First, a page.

In my 20 years in the public relations business, if I had a nickel for every time a client asked me to get them on Oprah it is safe to say that I would be a very wealthy woman at this point in my career Oprah is indeed the gold standard, and her show carries weight not only because of Oprah’s massive viewership, but also because they’re loyal. She brings with her tens of millions of loyal viewers who trust her so implicitly, that they buy practically any book she recommends, any product she endorses and follow her advice on just about every topic from politics and parenting to bowling and basket-weaving. And when most PR Agencies are faced with that request, they smile and nod and tell their clients they’ll do their best, but we all know what it really takes to get on Oprah.
First, you have to understand a few basic premises:
- Oprah is NOT a Product Peddler – The Oprah Winfrey Show does not exist to “provide coverage” for your product, company or book. Her mission is to inform and entertain her viewers so that they keep tuning in, and her company can sell advertising at top dollar. The more engaged and sizeable her viewership, the more revenue she takes in.
- Her show is a true “No Spin Zone” – You can’t “spin” yourself into a guest spot on her show, because her staff scrutinizes her guests more severely than the press dissect political candidates. You can’t disguise any element of your past, and you can’t use PR techniques to make yourself look more credible or noteworthy than you actually are. Her people are media pros and will see through it.They don’t see their roles as bookers or producers – they see themselves as caretakers of a multi-billion-dollar brand name and a television personality whose name is synonymous with credibility and trust. Protecting her show and her name is tantamount to protecting themselves and their roles in shaping a media juggernaut. You can’t fool them – either you got the goods, or you don’t.
- You don’t call her, she calls you – This is the one thing no publicist ever tells a client they hope to sign. Why? Simply because they are afraid it will make their agency or service irrelevant to the client who can sign the big check. 95 percent of Oprah’s guests are invited, and are rarely booked because a publicist made a phone call and pitched a client. It’s rare that any of her staff even make themselves available to hear pitches from publicists.
Seeing a guest similar to yourself on her show does not move you to the top of the list – If anything, seeing a competitor or guest similar to yourself on her show actually makes her less interested in you.
With that being said, a publicity campaign is absolutely critical if your eventual goal is to get on Oprah’s show. Contradictory? Not really. Here are some critical tips to give you the best shot at getting on her staff’s radar screen:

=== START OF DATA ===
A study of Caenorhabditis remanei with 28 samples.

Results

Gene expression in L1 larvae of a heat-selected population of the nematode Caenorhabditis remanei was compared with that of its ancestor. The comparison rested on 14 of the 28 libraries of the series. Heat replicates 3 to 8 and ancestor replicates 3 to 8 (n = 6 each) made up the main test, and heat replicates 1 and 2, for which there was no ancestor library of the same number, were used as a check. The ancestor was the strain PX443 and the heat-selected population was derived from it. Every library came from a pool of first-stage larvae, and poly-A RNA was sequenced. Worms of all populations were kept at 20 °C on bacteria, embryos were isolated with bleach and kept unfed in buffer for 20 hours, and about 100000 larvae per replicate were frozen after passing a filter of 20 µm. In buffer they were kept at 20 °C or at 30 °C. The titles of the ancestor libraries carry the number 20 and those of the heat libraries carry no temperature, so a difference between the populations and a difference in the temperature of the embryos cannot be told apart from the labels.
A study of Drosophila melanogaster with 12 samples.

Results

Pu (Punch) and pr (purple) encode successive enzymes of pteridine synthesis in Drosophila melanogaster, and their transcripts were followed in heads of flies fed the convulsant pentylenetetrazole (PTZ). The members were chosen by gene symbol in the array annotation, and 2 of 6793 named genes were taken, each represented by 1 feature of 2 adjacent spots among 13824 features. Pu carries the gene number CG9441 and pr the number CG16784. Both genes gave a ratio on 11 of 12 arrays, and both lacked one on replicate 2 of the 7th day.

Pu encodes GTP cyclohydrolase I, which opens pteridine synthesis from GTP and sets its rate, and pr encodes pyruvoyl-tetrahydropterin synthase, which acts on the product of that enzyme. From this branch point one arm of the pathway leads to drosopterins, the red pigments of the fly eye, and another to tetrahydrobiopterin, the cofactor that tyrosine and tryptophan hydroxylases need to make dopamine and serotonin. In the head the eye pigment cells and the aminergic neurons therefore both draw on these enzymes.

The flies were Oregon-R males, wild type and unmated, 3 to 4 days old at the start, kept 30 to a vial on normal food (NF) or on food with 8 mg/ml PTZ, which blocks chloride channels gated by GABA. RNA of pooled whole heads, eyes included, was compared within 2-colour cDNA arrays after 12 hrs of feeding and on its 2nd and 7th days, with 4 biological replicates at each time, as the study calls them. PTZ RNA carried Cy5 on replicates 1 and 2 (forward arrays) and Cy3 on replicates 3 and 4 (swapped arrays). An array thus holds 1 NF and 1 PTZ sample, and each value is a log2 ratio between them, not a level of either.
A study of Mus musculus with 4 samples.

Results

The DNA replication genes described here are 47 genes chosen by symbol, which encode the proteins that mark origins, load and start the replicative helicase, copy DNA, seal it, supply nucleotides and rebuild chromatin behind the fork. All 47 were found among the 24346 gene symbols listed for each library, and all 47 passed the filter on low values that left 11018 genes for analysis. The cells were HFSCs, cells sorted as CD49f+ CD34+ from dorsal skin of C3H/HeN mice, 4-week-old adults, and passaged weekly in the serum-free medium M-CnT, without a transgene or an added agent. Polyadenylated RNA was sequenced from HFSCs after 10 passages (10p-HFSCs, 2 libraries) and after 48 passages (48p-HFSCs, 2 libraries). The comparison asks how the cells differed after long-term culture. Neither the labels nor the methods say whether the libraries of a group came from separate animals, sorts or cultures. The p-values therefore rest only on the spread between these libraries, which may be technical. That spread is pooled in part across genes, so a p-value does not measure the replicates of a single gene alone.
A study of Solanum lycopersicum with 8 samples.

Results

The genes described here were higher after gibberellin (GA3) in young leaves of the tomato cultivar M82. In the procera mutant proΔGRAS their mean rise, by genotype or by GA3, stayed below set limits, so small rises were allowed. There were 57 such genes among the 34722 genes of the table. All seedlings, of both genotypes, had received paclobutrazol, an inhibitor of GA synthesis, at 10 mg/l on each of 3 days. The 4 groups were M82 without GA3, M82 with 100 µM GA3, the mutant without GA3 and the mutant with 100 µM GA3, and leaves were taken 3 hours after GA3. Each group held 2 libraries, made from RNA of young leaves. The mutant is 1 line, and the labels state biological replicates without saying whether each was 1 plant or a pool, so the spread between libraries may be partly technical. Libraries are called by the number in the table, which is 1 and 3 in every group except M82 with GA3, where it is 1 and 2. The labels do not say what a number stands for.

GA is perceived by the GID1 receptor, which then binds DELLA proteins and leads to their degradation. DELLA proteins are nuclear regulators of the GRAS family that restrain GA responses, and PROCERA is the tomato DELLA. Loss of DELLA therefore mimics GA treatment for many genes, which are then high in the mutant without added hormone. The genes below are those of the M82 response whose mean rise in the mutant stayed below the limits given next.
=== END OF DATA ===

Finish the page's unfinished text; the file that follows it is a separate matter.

Start locally – Earlier, I mentioned that 95 percent of her guests are invited without a pitch from a publicist, but that doesn’t mean publicity wasn’t involved. Her bookers and producers find out about unique guests by reading the news. They scour the Internet and local newspaper sites, looking for unique individuals and stories from all over the country. All those national headlines you read every day about the guy whose 8-year-old saved his life by giving him CPR, or the woman whose dog dialed 911, didn’t happen in Anywhere, USA. They happened somewhere, and in that somewhere was a local TV or print reporter who found out about it and wrote about it. The foundation of any campaign to get in the national media is to prove you were at least interesting enough to make your hometown papers or TV newscasts.
Stand for Something – The mistake a lot of people make when hitting the media is to be all things to all people, to appeal to the broadest sector of the population, to cast a wide net. However, most of the people you’ll see on Oprah are not good for all time zones – they are passionate, opinionated people who hold strong views and may pick a position that cab upset some element of the viewing audience. Controversy and conflict is what drives most talk shows. Imagine how interesting Crossfire would be to watch if everyone agreed, and you’ll see my point.
Have an Impact – Just because you write a book that exposes hidden injustice in some area of society, it’s not enough to just stand behind the book. You have to be an activist, a clarion voice of passion who actively campaigns to right the wrongs you’ve exposed. Having an impact on people’s lives, and earning the news coverage in your local community, is the highest-percentage way to get on the radar screen of Oprah’s staff, if not Oprah herself.
At the end of the day, there is no magic potion you can take, no staffer or producer you can pay off, and no stunt you can pull that will get you on Oprah. But if you are truly unique, you have an impact on people’s lives and have the support of your local media, you’ve got as good a shot of being featured on Oprah’s show as any of the people she’s already put on the air.